By mid-afternoon Monday, the PSI reading in Singapore was at 105, past the unhealthy threshold of 100.
SINGAPORE: Air pollution from forest fires in Indonesia's Sumatra island reached severe levels in Singapore on Monday, triggering a health alert in the densely populated city-state.
Skyscrapers including the famous Marina Bay Sands casino towers were shrouded in haze and the acrid smell of burnt wood pervaded the central business district.
The Pollutant Standards Index soared to 105 at mid-afternoon, past the unhealthy threshold of 100, according to the National Environment Agency (NEA) website.
People with heart and lung disease, those over 65 and children are advised to reduce prolonged or heavy outdoor exertion even in moderate conditions, defined as a reading of 51-100.
Business and air transport have so far not been affected. Singapore schools are on holiday.
Singapore is one of the world's most densely populated countries. Most of its 5.3 million people live in high-rise apartment blocks.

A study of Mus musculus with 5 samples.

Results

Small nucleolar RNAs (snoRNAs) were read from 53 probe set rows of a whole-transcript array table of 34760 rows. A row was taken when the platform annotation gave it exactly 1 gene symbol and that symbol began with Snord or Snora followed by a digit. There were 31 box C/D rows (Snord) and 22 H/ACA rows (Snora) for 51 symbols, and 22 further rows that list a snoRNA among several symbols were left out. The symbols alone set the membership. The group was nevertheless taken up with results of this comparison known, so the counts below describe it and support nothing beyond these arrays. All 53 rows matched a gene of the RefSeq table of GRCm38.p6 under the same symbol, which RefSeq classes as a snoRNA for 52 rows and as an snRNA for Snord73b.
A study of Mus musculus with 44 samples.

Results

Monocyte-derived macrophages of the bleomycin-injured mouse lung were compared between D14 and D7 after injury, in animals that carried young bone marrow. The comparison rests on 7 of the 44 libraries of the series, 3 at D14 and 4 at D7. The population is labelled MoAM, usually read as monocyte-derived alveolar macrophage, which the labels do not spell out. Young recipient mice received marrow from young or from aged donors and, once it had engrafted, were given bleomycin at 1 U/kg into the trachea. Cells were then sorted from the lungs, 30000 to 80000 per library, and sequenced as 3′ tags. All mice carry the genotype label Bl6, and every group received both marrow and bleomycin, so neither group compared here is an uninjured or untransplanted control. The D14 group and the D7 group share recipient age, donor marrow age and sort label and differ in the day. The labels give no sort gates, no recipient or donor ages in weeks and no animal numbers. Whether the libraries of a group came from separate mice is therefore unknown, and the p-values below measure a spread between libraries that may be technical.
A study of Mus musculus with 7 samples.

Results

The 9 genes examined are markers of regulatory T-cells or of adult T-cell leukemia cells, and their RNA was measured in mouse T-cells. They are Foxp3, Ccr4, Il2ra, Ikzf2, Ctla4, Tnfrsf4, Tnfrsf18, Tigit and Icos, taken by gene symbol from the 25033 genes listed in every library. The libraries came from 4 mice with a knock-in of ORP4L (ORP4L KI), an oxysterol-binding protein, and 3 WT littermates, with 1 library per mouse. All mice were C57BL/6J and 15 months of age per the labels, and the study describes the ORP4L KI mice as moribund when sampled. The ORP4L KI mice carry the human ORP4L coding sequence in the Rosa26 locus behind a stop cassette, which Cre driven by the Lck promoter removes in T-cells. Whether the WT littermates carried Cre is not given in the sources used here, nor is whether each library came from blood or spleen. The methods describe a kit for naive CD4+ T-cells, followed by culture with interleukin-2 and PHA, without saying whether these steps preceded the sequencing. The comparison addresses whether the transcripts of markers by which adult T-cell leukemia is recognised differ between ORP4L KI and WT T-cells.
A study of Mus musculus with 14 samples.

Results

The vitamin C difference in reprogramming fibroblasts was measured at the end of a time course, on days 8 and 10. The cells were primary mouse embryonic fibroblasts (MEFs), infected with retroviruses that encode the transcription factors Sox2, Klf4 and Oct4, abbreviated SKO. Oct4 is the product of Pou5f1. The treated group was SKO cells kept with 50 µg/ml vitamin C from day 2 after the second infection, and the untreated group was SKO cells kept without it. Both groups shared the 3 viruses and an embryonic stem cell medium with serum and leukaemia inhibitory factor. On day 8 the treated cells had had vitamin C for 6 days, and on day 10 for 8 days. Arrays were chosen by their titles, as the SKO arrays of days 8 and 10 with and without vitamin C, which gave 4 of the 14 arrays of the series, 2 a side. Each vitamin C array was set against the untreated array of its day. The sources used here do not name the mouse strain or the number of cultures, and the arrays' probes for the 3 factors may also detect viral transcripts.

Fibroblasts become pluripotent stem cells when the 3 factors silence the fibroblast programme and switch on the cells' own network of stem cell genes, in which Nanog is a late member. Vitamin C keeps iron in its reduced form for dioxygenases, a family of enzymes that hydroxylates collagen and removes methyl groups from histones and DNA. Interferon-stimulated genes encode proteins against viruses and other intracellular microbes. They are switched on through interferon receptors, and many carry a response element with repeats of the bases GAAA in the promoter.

Malaysia has also been affected by the haze problem, which occurs in the dry season as a result of forest fires in the sprawling Indonesian archipelago, some of them deliberately started to clear land for cultivation.
Haze reached unhealthy levels in Malaysia over the weekend.
On Monday, the Malaysian pollutant index showed unhealthy levels of between 102 and 121 in parts of Pahang, Terengganu and Malacca.
In the capital Kuala Lumpur, the sky was also hazy with a reading of 82 at midday.
Southeast Asia's haze problem hit its worst level in 1997-1998, causing widespread health problems and costing the regional economy billions of dollars as a result of business and air transport disruptions.